April 1, 2012

John Plover talks with Fairbanks general manager Rob Proffitt during his time practicing with the Ice Dogs last week (photos by Eric Engman, News-Miner).

Johnny Plover didn’t hold back the tears Thursday morning when he saw his name above a dressing stall in the Fairbanks Ice Dogs locker room in the Big Dipper Ice Arena.  The tears were accompanied by a smile brighter than the lights in the home rink of the North American Hockey League team. The Army sergeant was practicing Thursday morning with the Ice Dogs after having neck surgery three years ago from injuries sustained in a vehicle explosion during an ambush in Iraq.
The surgery in March 2009 at a hospital in Waco, Texas, included inserting a titanium plate and fusing two discs in the back of Plover’s neck. He was also told by doctors that because of the surgery, he would never again participate in competitive sports. Determination eventually defeated doubt, as Plover got involved in recreational hockey two years ago.
Thursday, he donned a gold Ice Dogs practice jersey to skate with the junior team before their last series of the regular season. Plover’s participation for about an hour was more than a goodwill gesture by the Ice Dogs. It also helped the right wing/center prepare for the USA Hockey Disabled Festival next month. The 37-year-old Philadelphia native is skating for the USA Warriors team in the tournament on April 13-15 in Dallas.
“This is the reason why they’re the class of the league, a class organization,” Plover, amid tears, said of the Ice Dogs. “I never got to sit in a locker room, and it made a lot of dreams come true for me. I can’t thank the guy (Ice Dogs general manager Rob Proffitt) enough, and even the boys (Ice Dogs) for not embarrassing me too good, and letting the old guy skate with them.”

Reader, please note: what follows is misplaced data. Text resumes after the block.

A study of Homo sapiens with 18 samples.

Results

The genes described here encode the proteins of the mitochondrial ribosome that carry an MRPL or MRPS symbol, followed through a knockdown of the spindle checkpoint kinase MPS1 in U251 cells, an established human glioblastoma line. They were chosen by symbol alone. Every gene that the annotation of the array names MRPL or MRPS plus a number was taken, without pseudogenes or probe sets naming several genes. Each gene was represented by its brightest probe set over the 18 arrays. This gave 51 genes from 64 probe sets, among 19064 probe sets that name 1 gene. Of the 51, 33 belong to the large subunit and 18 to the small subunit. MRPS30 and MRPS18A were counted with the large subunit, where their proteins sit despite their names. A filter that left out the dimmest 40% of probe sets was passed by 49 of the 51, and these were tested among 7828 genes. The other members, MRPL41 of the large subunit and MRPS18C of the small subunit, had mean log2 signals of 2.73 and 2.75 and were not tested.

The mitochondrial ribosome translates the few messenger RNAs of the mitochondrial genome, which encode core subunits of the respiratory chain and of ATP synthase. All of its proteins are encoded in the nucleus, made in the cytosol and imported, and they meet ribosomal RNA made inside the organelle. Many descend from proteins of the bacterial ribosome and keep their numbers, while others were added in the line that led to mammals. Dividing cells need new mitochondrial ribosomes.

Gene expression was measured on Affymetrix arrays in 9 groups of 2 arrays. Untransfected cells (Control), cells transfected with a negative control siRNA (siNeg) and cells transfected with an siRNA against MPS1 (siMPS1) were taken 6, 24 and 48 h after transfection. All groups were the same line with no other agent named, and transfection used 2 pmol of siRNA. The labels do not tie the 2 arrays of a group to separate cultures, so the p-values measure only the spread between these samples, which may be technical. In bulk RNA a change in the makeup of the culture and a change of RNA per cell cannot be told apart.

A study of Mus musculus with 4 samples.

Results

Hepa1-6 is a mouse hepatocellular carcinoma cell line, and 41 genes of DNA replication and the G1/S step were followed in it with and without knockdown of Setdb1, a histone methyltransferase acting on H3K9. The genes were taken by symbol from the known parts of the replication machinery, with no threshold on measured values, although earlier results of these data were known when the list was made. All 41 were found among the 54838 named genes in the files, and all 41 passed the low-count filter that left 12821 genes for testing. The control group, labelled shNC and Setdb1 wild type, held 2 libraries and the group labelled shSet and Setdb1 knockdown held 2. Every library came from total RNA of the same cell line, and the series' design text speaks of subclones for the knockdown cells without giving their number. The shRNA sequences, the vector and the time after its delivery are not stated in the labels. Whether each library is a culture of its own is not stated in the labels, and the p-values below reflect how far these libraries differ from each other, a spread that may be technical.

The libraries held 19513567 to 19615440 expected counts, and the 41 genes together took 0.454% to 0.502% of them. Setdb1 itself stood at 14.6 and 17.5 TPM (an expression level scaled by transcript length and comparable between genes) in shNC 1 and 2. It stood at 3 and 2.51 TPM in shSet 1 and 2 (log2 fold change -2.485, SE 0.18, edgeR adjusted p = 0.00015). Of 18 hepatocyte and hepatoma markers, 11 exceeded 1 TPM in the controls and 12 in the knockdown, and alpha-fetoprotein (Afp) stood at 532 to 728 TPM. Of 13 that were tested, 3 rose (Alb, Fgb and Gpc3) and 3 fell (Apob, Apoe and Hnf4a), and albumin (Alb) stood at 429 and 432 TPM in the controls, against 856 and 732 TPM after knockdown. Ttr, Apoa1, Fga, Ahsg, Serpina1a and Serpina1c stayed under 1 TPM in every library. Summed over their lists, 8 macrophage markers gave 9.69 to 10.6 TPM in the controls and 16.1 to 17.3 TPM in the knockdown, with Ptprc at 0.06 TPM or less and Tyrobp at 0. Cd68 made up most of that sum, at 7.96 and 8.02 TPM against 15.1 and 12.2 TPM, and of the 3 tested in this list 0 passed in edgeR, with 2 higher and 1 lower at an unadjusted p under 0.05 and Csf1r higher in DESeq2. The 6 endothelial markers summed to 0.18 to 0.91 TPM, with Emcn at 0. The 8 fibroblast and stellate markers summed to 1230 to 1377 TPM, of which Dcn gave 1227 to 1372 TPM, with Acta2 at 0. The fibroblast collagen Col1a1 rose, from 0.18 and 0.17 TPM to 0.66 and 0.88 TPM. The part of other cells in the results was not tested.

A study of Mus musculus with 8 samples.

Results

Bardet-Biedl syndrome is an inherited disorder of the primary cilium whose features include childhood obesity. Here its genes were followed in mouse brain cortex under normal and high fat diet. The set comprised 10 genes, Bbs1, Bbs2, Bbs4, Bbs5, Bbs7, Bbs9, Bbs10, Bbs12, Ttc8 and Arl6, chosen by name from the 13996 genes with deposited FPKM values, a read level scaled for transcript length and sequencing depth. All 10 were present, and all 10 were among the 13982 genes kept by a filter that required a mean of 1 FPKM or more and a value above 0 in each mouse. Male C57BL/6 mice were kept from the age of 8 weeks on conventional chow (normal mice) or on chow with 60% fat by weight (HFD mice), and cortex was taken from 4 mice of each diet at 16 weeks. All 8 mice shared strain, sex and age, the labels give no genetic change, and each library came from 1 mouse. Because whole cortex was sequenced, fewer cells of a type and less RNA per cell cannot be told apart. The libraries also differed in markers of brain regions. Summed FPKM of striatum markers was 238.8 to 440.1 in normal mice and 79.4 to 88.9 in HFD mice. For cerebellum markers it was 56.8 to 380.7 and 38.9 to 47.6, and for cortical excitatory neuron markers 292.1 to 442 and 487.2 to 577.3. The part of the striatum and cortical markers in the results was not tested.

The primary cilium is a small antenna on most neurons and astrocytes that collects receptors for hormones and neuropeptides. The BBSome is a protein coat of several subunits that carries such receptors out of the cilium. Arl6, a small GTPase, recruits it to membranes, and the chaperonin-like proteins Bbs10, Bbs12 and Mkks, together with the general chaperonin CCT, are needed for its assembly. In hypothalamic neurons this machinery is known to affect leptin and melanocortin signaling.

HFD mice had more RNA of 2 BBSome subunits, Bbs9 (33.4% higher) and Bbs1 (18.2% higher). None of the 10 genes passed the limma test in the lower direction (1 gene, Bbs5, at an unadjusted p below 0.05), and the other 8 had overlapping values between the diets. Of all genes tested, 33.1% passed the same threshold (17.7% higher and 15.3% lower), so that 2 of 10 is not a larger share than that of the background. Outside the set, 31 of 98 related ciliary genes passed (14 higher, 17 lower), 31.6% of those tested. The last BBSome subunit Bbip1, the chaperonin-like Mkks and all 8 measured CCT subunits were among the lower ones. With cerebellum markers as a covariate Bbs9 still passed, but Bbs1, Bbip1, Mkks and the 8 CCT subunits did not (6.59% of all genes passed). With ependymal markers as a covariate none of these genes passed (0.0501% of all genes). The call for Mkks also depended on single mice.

Plover started playing hockey when he was 8 years old, and he continued to play through high school and for three seasons with the club program at Lock Haven University in Pennsylvania. The wars in Iraq and Afghanistan led him to enlist in the Army eight years ago, and he now serves in the HHC 1st Stryker Brigade Combat Team at Fort Wainwright.
“You’ve got some of the top junior players in the country, probably this half of the world,” Plover said of the Ice Dogs. “It’s humbling, and at the same time, there’s no better feeling in the world right now. It’s going to be a while before I wipe this grin off my face.”
The Ice Dogs appreciated Plover’s participation, too.  “It’s honor for us. We respect everything they (military) do for us,” said forward JT Osborn.
Read the rest of Danny Martin's story in the News-Miner.